John Candy Was Born (and other historical Halloween happenings)
Today we're treating you to some of the more interesting and coincidental events to occur on this day in history. While you all know today is Halloween, you may not know that on this date...
-Martin Luther began the Protestant Reformation, nailing his 95 theses to the door of the Wittenberg Palace church in 1517.
-John Keats, who later wrote a sonnet titled "Written in Disgust of Vulgar Superstition," was baptized in 1795.
-Nevada, a state now known for the revelry and costumes of Las Vegas, became the 36th state in 1864. (===>)
-Arthur Conan Doyle's "The Adventures of Sherlock Holmes" was published in 1892.
-In 1912, Oliver Martin Johnson, Jr. was born. As one of Disney's "Nine Old Men," Johnson worked on films such as "Snow White and the Seven Dwarfs," "Cinderella," "Alice in Wonderland," "Peter Pan," "One Hundred and One Dalmatians," "Robin Hood," and "The Many Adventures of Winnie The Pooh," all of which have inspired hundreds of Halloween costumes around the world. (===>)
-The master of magic, Harry Houdini died of peritonitis in 1926.
-In 1933, many cities in America suffered great destruction at the hands of mischief-making adolescent boys. The day became known as "Black Hallowe'en," and many cities formed committees to prevent such destruction from happening again.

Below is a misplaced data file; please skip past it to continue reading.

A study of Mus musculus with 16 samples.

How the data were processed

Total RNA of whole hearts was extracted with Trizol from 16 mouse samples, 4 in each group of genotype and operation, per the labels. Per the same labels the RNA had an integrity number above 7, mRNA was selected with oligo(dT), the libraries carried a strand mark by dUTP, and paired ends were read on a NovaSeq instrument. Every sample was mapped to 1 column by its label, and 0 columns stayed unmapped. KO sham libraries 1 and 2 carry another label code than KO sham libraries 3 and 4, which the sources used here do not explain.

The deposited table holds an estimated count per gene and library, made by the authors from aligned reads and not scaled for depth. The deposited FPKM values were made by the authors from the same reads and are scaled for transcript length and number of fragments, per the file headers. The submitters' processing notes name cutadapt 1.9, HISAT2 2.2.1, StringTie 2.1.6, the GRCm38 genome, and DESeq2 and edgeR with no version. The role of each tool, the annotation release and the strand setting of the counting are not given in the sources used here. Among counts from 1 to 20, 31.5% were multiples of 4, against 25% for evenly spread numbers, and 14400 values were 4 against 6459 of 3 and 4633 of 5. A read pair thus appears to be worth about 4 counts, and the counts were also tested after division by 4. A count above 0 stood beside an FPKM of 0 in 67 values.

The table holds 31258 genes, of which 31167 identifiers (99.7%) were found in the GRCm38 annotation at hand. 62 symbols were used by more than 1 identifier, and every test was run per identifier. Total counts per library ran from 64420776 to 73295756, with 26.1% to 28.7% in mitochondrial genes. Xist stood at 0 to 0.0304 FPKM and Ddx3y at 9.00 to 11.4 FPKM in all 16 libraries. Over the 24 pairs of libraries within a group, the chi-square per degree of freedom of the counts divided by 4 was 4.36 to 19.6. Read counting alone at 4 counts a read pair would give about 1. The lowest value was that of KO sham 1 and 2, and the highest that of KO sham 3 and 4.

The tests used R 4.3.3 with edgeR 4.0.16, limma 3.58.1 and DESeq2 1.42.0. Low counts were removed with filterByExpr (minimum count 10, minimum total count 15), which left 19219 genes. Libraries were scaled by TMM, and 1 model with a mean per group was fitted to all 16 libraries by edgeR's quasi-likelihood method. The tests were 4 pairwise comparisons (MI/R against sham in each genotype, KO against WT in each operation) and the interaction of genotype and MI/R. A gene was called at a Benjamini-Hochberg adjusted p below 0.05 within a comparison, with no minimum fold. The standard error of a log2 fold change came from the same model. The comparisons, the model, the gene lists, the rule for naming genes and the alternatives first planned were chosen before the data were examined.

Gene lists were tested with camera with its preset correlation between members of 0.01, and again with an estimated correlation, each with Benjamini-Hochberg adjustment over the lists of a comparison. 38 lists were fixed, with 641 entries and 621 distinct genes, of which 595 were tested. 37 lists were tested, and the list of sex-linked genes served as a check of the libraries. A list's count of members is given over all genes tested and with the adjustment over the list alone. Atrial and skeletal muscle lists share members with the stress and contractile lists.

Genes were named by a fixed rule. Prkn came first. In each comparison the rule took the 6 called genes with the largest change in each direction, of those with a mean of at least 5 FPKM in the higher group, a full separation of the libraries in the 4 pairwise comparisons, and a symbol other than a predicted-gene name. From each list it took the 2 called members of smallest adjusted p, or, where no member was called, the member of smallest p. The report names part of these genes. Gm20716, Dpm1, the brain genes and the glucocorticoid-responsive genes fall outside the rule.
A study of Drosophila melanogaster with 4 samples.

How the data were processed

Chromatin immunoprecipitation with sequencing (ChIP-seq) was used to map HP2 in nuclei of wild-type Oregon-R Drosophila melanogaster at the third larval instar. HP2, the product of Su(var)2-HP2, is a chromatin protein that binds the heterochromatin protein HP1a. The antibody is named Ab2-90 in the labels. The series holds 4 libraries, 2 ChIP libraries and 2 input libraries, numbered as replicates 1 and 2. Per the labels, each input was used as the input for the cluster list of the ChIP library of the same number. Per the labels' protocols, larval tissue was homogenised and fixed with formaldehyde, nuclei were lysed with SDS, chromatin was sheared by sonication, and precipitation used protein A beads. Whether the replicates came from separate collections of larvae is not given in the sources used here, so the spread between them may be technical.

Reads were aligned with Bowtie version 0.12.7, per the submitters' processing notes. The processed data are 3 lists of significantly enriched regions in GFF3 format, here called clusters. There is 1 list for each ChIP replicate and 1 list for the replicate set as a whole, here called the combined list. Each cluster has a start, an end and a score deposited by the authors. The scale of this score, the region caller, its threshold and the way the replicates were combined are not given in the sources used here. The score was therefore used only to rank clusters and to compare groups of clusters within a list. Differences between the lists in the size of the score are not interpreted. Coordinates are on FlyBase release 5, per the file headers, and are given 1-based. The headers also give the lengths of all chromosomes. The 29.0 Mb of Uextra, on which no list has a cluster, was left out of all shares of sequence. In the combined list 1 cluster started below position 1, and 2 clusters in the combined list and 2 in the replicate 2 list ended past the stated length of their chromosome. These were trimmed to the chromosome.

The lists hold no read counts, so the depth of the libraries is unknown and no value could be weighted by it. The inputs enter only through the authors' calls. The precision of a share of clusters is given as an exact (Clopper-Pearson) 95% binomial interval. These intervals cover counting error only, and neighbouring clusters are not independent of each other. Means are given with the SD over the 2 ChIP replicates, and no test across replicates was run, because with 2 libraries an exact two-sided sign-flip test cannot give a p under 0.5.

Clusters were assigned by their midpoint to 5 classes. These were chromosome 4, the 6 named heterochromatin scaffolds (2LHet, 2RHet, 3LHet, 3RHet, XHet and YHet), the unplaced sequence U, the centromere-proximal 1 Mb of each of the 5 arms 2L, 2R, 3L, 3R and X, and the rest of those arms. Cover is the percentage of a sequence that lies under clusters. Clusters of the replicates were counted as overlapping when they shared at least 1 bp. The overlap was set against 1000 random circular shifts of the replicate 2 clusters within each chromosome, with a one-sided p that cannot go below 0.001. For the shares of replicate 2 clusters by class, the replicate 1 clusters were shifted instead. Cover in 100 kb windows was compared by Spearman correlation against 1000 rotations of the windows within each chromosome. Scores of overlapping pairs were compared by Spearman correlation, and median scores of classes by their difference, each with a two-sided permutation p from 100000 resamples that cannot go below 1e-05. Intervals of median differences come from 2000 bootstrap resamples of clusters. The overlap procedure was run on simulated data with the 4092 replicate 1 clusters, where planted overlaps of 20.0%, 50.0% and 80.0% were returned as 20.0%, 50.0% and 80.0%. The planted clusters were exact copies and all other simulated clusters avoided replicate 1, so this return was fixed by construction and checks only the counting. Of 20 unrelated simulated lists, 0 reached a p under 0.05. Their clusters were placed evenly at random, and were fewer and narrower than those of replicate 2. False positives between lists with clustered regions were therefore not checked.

-Orson Welles, in 1938, expressed "deep regret" for the confusion caused by his presentation of "War of the Worlds" on the previous day. He was also bewildered, though, that people actually believed the alien invasion was real.
-Chicago once attempted to abolish Halloween, with the City Council voting unanimously for October 31, 1942, to be declared "Conservation Day." (Nobody declared you should dress up as Woodsy the Conservation Owl. But it's an option. ===>)
-Canadian comedian and actor John Candy was born in 1950.
-In 1964, Helen Pfeil distributed ant poison, steel-wool pads, and dog biscuits as Halloween "treats" to older children in New York. Her case is the first recorded incident of Halloween candy tampering.
-Ronald O'Bryan poisoned his child's Halloween candy in 1974. He was indicted for his 8-year-old son's murder, as well as for the attempted murder of his 5-year-old daughter and three other children. Supposedly, he did it for the $38,000 insurance on his children.
-Marijuana-stuffed Snickers bars were accidentally handed out to children in Hercules, Calif., in 2000. The candy had landed in the dead-mail office and was handed out by an employee, who was unaware that the candy was an attempt to mail marijuana to San Francisco.